First solo sailor through gate
Kleinjans covered the 3,500 miles from Portimão to the Recife Gate in 16 days at an average speed of 8.6 knots, or 205 miles per day. This is a remarkable performance for a solo sailor on a 40-foot yacht especially considering there were the doldrums to deal with. But then Kleinjans is a remarkable sailor who is living out his life’s dream.
Belgium born, Kleinjans is no stranger to the sea. He graduated with a degree in Maritime Studies before joining the Merchant Navy although he realised very quickly that such formal seafaring was not entirely to his liking. “I found that I preferred sailing on a boat rather than on a ship,” he said. “I like to deal with the wind and waves, not discipline and engines.”
In the early 1980s, while still serving in the Merchant Navy, Kleinjans sailed on cruising yachts occasionally racing until he was selected to join the 57ft yacht Rucanor Tristar for the 1985-86 Whitbread Round The World Race. “I guess for me this all started 23 years ago when I was 21 years old and I had just finished my studies,” he said. “I got the opportunity to sail the Whitbread Race that year and I think it was there that I got the bug for offshore racing.” Rucanor Tristar won her division and finished 5th overall.
Although Kleinjans enjoyed his Whitbread experience, he soon realised that he was not good at taking orders and was not much of a team player. In 1987 he sailed the tough Mini Transat from Concarneau, France to Martinique in the Caribbean finishing a very credible sixth and enjoying his first taste of solo sailing. By then he had reached the rank of third mate in the Merchant Navy and his short-handed sailing experience was growing rapidly through racing in Figaro Class and competing in the double-handed, TwoSTAR in 1994 during which he was forced to retire with mast failure.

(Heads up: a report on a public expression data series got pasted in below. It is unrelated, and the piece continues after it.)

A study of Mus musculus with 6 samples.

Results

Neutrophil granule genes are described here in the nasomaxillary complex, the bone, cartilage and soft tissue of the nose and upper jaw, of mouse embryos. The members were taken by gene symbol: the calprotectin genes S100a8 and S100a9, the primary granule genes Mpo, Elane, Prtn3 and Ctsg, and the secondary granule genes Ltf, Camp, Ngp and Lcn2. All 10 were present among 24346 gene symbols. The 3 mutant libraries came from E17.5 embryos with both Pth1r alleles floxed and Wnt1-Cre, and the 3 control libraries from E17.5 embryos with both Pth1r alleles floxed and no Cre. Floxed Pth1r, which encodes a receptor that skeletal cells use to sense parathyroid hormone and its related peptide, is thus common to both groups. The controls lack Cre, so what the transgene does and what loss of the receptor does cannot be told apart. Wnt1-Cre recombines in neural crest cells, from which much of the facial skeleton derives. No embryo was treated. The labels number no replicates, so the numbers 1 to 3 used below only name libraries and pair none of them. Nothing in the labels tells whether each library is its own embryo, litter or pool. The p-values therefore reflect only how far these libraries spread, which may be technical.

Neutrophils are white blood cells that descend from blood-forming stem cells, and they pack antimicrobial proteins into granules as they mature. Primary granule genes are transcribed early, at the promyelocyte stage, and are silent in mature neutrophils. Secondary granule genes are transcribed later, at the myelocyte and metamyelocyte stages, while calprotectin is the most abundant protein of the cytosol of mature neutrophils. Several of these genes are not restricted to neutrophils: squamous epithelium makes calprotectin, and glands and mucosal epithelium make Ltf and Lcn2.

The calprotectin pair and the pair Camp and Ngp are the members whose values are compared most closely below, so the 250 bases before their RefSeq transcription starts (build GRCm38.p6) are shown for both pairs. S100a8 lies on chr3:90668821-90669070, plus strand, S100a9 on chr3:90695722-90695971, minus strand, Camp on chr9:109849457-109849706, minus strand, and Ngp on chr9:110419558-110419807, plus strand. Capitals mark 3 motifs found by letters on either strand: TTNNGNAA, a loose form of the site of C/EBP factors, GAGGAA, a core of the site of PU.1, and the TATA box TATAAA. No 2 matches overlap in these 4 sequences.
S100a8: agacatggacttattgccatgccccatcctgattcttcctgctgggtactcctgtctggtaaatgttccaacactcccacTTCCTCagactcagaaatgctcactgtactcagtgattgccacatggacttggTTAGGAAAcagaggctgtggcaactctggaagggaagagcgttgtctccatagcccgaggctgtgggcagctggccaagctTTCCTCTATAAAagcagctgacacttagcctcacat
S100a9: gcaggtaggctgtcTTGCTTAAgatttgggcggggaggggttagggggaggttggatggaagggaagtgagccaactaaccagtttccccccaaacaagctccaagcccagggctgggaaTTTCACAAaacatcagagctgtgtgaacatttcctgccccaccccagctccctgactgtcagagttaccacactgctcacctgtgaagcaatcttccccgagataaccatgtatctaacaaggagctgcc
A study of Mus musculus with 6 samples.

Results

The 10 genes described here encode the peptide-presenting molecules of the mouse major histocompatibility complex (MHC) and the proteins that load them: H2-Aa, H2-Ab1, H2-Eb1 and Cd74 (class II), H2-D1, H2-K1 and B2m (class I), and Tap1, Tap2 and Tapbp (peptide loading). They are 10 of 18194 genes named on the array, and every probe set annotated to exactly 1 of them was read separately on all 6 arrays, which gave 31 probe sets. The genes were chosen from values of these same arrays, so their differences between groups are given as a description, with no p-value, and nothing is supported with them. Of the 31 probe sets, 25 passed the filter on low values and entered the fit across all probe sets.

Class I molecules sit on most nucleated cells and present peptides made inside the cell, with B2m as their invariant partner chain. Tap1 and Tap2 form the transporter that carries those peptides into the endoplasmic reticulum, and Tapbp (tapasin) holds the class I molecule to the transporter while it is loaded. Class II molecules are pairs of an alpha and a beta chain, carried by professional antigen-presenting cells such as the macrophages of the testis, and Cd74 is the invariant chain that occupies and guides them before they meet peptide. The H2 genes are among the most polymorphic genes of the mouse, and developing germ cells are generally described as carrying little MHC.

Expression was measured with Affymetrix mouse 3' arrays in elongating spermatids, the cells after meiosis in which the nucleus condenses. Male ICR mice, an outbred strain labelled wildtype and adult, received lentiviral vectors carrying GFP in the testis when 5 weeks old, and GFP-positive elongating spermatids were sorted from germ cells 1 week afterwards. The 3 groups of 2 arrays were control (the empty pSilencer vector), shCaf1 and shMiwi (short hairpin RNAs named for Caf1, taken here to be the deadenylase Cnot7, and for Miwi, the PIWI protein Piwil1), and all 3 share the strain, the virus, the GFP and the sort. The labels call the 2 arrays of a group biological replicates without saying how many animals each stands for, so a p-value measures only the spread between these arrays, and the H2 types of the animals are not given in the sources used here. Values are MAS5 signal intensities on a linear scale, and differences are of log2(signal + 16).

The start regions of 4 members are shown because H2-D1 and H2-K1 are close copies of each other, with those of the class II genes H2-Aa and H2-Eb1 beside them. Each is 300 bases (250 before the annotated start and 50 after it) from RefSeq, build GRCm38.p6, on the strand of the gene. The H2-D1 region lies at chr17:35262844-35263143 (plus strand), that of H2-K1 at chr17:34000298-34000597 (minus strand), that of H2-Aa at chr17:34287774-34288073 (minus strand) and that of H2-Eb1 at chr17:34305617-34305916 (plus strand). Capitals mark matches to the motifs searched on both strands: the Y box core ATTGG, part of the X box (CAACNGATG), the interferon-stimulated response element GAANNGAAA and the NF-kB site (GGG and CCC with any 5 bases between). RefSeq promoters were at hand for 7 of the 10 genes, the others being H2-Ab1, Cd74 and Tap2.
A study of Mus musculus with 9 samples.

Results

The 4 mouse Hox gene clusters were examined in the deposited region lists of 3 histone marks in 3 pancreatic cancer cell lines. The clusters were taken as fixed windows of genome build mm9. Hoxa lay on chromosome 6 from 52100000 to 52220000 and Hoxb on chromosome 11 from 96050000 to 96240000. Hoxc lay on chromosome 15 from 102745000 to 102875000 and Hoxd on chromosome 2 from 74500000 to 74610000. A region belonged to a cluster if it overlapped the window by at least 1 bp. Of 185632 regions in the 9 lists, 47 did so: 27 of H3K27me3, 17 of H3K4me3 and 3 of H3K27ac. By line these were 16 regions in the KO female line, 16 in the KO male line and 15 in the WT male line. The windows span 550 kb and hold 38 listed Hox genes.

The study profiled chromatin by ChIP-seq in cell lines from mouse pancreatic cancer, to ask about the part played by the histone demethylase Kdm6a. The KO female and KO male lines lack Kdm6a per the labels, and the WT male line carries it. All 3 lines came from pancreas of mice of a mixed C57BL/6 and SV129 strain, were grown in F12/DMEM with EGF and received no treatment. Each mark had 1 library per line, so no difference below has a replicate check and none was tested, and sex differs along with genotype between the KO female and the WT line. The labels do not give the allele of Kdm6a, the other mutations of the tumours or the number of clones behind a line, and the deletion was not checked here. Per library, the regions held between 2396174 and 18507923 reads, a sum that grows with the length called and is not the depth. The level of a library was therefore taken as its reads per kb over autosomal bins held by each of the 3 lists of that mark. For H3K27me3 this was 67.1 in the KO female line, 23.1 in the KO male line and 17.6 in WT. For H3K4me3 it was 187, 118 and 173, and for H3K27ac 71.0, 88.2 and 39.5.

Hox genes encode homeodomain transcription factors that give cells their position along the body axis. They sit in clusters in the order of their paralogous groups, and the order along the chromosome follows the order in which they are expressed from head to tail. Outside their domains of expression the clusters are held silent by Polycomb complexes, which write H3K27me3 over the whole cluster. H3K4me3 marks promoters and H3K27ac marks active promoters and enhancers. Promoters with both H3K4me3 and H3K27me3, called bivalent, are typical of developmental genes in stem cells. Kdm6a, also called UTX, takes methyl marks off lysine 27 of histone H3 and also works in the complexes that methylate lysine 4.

Two years later, Kleinjan’s returned to the North Atlantic and won his class in the OSTAR from Plymouth to Newport, RI. In 1997, he took delivery of Roaring Forty and won his division in the double-handed Round Britain and Ireland Race.
“Mostly I like to participate in single and double-handed races because I find them more challenging,” he said. “The Everest of such kind of sailing is a single-handed around-the-world race and I think I was the first person to contact the race organisers of the Portimão Global Ocean Race and tell them to count on me being at the start line. And now here I am and very much enjoying the experience.”
In 2006 the Belgian Yachting Association named Michel their Yachtsman of the Year.